Golf Terms & Definitions

One of the very first things you need to do when learning about the game of golf is to learn about its terms.

If you don't have a lot of experience with golf, the terms that golfers use might go over your head. It might even sound like a different language. Study up so that the next time you're out on the course, you'll understand everything.


Golfers have a wide variety of golf equipment. A driver is the longest club in the bag and has a much bigger club head than the rest of your clubs. It's designed to hit the ball the farthest, but is the hardest to control. It's considered a wood. Other woods in your bag may include a 3-wood, 5-wood or 7-wood. They have similar designs to your driver, but can be hit off the ground as well as from a tee. Irons got their name because they were originally made of iron, not wood. But nowadays they are made of steel, iron or graphite.

These clubs are designed to hit the ball at various distances. For example, a 3-iron is designed to hit the ball farther than a 9-iron.

Wedges are irons that have open club faces and are designed for shorter shots. Putters are used to hit the ball into the hole.

Golf Shots

There are many different shots that golfers hit, whether it be on purpose or accidental. A draw is a shot sends the ball from right to left. It ideally will start right of the target and then move back to the left.

It is much more subtle than a hook, which is when the ball moves drastically from right to left. A fade is the exact opposite of a draw. It moves from left to right. Again, it's more subtle than a slice, which drastically moves from left to right. Other, less-commonly used shots include a flop, which is a shot used to hit the ball high into the air and onto the green, and a punch, which is a shot used to hit the ball lower to the ground, usually for the purpose of decreasing the affect of the wind.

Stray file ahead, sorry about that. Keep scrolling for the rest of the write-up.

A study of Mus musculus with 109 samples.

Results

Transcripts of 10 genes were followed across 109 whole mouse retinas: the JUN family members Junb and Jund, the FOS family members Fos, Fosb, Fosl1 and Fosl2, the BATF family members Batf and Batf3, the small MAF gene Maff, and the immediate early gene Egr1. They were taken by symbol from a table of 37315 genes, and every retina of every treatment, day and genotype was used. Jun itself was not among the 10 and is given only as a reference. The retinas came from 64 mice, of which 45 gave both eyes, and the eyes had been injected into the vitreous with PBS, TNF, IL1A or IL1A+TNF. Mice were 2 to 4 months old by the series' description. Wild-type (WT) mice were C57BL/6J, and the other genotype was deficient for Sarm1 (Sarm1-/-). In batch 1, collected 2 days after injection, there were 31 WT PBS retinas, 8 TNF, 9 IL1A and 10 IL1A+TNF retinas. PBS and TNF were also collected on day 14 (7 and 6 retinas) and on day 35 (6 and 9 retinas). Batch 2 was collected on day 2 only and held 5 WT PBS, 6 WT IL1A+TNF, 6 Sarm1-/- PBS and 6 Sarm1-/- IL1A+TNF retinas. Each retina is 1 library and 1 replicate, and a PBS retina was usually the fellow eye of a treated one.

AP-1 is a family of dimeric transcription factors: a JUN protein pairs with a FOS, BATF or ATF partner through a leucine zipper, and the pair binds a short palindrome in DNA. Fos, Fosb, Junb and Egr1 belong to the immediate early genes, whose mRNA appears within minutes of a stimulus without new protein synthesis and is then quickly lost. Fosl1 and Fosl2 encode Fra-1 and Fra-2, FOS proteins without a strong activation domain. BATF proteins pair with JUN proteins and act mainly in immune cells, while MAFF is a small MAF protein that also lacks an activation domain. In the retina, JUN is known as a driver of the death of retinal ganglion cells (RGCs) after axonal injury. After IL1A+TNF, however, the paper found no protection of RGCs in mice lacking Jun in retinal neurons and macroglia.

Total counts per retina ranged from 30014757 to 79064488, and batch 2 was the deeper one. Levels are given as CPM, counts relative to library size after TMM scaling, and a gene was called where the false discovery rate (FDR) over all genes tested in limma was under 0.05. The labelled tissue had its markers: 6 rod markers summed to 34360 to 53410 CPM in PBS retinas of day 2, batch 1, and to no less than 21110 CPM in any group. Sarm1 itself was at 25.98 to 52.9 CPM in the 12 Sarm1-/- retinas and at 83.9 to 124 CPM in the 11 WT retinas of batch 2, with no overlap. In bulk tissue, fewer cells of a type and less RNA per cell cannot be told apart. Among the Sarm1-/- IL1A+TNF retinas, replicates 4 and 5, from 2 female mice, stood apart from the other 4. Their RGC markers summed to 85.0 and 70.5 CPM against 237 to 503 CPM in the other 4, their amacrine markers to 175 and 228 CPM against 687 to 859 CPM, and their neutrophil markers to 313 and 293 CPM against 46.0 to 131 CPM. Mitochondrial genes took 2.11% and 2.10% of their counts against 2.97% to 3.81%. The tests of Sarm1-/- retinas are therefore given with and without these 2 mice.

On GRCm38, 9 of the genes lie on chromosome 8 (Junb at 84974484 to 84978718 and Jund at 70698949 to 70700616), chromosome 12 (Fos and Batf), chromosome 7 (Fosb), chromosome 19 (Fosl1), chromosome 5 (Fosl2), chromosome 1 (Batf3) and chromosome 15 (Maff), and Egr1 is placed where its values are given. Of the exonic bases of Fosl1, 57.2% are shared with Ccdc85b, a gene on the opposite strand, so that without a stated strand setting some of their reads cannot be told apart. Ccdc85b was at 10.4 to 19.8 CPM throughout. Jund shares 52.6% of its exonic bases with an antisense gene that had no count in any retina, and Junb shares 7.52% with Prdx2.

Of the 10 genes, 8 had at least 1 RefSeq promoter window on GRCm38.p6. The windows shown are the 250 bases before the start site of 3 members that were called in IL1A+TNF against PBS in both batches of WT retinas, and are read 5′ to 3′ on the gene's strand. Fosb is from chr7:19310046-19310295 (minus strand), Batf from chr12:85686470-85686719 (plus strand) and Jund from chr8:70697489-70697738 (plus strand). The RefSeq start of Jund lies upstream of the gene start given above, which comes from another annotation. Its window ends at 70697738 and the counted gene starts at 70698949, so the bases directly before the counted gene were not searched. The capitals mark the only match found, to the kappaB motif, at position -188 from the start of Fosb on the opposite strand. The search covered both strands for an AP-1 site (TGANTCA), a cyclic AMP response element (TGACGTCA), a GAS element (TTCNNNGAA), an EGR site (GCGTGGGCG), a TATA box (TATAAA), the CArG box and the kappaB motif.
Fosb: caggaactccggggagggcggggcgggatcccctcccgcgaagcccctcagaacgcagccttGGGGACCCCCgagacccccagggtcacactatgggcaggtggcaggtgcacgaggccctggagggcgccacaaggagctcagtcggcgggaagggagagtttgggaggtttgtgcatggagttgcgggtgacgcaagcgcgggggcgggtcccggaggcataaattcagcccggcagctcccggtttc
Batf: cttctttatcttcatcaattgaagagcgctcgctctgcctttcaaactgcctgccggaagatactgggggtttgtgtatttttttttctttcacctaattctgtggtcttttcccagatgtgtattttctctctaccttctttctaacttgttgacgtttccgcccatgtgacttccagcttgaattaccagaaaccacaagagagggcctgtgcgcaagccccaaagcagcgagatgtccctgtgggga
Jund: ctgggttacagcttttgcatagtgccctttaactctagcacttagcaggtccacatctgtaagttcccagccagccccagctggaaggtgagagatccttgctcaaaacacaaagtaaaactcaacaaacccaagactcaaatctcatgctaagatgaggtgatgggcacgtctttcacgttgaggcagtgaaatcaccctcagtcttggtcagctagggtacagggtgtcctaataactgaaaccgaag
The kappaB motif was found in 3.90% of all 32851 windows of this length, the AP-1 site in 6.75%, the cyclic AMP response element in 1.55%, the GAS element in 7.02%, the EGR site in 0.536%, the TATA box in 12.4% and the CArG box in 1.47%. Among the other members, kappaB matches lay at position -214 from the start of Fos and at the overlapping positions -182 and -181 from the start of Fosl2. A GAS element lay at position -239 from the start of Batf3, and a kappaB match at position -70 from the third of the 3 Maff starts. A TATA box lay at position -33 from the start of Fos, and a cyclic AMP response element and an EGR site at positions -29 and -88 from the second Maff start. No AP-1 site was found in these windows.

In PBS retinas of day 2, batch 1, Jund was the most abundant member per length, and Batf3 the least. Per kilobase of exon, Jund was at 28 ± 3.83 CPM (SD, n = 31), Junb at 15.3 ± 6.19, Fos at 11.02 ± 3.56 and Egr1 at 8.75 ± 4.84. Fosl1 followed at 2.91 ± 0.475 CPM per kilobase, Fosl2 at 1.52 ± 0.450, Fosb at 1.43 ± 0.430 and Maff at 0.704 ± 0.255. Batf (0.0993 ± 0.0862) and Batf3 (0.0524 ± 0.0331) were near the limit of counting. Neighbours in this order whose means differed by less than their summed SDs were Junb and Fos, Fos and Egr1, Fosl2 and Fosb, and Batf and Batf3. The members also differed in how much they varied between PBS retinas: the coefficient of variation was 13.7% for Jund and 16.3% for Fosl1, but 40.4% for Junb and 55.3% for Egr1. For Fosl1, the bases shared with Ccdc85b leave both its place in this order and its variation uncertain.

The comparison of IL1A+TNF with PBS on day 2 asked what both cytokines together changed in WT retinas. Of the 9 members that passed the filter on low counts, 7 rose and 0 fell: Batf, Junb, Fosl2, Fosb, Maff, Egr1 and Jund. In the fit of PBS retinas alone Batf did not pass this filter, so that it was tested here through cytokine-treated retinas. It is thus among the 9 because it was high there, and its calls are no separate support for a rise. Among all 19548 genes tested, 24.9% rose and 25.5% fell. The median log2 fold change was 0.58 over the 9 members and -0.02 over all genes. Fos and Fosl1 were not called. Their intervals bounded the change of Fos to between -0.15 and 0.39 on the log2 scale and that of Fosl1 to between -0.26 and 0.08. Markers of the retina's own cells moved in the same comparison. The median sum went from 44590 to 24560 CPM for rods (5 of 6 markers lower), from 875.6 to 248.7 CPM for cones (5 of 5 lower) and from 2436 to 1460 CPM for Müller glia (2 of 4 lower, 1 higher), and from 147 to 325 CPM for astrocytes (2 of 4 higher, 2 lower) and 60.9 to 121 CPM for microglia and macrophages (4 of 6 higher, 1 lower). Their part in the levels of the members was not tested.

There are terms that relate directly to golf when it comes to scoring. Par means the number of shots that golf courses determine it should take to hole the ball.

For example, a par-4 means it should take four shots to hit your ball into the hole. Golf courses feature holes that are par-3s, par-4s and par-5s. Birdie is the term for shooting one stroke below par.

If it takes your three shots to hole your ball on a par-4, that's considered a birdie. An eagle is two shots below par.

A bogey means it took you one extra shot to hole your ball. A double bogey is two extra shots and a triple bogey is three extra shots.

Golf Course

Golf courses have a variety of terms to describe different playing conditions. A fairway is where you are supposed to hit your ball from the tee. It is typically the shortest-cut grass on the course beside the green. The green is the portion of grass where the hole is located.

The rough is considered the outer portion of the fairways and greens where the grass isn't cut as short. It is more difficult to hit your ball far and accurate from the rough.


Other things you might hear somebody say on the course include "I chunked it," or "just lay up." Laying up means to hit your ball shorter than you regularly would to position yourself better for you next shot.

Sometimes you are forced to lay up because you can't hit your ball far enough to carry over a hazard, such as a lake or sand trap. To "chunk it" means that you hit more of the ground than you should, which means you didn't make good contact with the ball and it won't be hit as far.